Rail Baltic Business Network founded

Triniti

Pan-Baltic law firm Triniti, together with a business consultancy Civitta and communication agency Meta Advisory Group were among the founders of the Rail Baltic Business Network.

As explained at an opening seminar on 16 October 2015 in Tallinn, the new NGO shall focus on the economic gains of Rail Baltic as a major pan-European infrastructure project and the business opportunities entailed in the new railway which will connect Finland and the Baltic states with Central Europe via a new conventional high-speed 1435 mm electrified passenger and cargo line.

The initiators of the Rail Baltic Business Network (RBBN) consider the prerequisite for Rail Baltic’s economic success to be reasoned interest and attention of the region’s transit and logistics undertakings towards the launch of freight trade along the North-South axis.

According to Tõnis Tamme, a Partner and an Attorney-at-Law in the law firm Triniti, it is important to ensure that Rail Baltic would be in the main focus of discussion for a non-governmental, independent association of entrepreneurs that would also express constructive criticism towards the project, if necessary. “Our goal is to be the main forum for the entrepreneurship discussion related to Rail Baltic, the public dialogue representative of undertakings interested in the new infrastructure project, and to create added value for the project together with leading Estonian businesses. We invite companies of the transit and logistics sector, undertakings from business fields otherwise affected by the new logistics chain, top academic centres as well as local governments interested in RB to join the business network,” said Tamme.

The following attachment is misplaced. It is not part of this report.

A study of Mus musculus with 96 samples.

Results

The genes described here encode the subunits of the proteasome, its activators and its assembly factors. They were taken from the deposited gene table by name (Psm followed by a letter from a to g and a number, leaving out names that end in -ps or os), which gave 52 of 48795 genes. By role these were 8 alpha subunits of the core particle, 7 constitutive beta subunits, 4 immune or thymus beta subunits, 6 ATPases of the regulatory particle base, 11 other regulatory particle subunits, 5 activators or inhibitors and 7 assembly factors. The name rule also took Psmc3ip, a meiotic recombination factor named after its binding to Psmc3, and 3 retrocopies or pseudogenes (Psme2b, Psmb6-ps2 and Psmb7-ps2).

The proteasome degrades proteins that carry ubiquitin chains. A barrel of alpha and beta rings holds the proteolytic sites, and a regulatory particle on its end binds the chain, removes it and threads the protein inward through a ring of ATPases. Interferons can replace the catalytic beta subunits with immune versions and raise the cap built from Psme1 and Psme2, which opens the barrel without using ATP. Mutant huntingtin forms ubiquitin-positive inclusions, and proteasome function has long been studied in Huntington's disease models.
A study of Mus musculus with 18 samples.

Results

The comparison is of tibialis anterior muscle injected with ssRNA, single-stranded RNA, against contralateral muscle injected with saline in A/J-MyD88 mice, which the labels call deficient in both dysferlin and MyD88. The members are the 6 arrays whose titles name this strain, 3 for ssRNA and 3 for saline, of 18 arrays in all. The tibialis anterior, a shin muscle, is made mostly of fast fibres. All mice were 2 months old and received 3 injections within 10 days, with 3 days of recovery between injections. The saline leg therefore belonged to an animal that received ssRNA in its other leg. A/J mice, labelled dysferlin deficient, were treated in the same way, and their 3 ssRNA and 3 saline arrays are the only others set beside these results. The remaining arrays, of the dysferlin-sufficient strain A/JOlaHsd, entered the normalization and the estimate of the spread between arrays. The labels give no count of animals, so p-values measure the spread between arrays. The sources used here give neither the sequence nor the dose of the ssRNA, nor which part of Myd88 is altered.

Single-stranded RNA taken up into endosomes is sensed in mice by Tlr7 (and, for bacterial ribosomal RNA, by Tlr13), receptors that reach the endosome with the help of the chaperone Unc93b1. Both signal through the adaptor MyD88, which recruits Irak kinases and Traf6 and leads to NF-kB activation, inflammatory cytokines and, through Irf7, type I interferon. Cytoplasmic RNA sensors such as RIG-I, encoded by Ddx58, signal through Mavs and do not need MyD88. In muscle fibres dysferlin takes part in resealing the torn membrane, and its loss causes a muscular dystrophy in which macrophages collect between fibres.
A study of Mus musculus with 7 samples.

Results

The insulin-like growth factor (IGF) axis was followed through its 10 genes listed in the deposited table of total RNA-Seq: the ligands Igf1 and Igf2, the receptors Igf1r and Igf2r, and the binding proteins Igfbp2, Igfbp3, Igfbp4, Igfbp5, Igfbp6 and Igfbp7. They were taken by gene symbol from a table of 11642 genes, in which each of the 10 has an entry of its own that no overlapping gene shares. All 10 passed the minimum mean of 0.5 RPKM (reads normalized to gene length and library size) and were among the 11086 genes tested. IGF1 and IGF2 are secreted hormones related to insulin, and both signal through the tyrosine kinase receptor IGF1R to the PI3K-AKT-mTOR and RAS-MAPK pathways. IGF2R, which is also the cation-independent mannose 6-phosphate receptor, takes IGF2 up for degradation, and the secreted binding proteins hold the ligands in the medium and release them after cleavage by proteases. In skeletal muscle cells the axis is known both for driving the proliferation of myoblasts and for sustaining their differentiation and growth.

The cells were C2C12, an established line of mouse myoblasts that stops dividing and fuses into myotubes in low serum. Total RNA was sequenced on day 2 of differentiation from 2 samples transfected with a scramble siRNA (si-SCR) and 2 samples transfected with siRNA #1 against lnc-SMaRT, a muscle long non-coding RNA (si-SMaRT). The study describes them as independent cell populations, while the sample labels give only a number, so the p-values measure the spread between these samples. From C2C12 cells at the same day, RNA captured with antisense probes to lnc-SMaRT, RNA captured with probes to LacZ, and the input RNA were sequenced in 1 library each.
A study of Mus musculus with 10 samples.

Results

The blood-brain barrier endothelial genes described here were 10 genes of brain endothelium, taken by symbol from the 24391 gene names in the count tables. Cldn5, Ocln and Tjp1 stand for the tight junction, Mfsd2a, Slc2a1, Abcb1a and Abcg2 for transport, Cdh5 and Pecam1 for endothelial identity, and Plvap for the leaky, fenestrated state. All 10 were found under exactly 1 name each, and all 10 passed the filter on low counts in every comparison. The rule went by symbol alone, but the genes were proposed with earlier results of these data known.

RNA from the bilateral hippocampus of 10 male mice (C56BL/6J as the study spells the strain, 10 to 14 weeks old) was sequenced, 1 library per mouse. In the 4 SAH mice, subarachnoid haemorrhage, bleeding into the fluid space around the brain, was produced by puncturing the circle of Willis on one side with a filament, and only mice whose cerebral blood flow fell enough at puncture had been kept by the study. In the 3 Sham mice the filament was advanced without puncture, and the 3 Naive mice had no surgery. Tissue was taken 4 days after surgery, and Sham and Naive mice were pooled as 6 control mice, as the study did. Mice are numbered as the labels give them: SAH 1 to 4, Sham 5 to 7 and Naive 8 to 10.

According to Henrik Hololei, the new Director-General of the Directorate-General for Mobility and Transport of the European Commission, it is very positive that such a network has been founded and it is important to ensure that the Rail Baltic project would continue on commercial basis. “This way, the political noise would subside and the project could move ahead faster. It must be understood that this is not merely a political project and undertakings should utilise the situation to their benefit,” said Hololei.

Economist prof Erik Terk of the University of Tallinn highlighted that Rail Baltic should not be treated as an isolated project to be kept separate from the rest of the economic policy. He said that the new transport corridor will help pull Estonian economy more towards the global market and the prerequisite for this are timely investments into industry and distribution centres. He also pointed out that the RB project should certainly not become a regional project of the Baltics and the time-wise planning of the future railway corridor should also look much further.

Indrek Orav, a Management Board Member of Rail Baltic Estonia, the Estonian shareholder of RB Rail AS, a joint venture founded by Estonia, Latvia and Lithuania for the purpose of establishing the new railway, provided an overview of the infrastructure project’s current state and, considering the entrepreneurs gathered, paid special attention to the issue of establishing the freight terminal at the Port of Muuga as a very important facility to increase the freight volumes.

“The birth of Muuga Terminal is a symbolic event for the entire project – it is a meeting point for the existing 1,520 mm railway, the Port of Tallinn, terminal operators, freight and its transhipment from various platforms, and in the future also the 1,435 mm railway of Rail Baltic, which enables freight owners to send their valuable cargo with the help of forwarding agents and logistics quickly to Ukraine, Turkey or, using the ports of Southern Europe, to oceangoing ships. We are currently in the process of refining the initial task of Muuga Freight Terminal, because figuratively speaking, Rail Baltic’s economic profitability depends on that,” said Orav.

RBBN also welcomed several leading transportation and logistics companies as new members joining the new business network.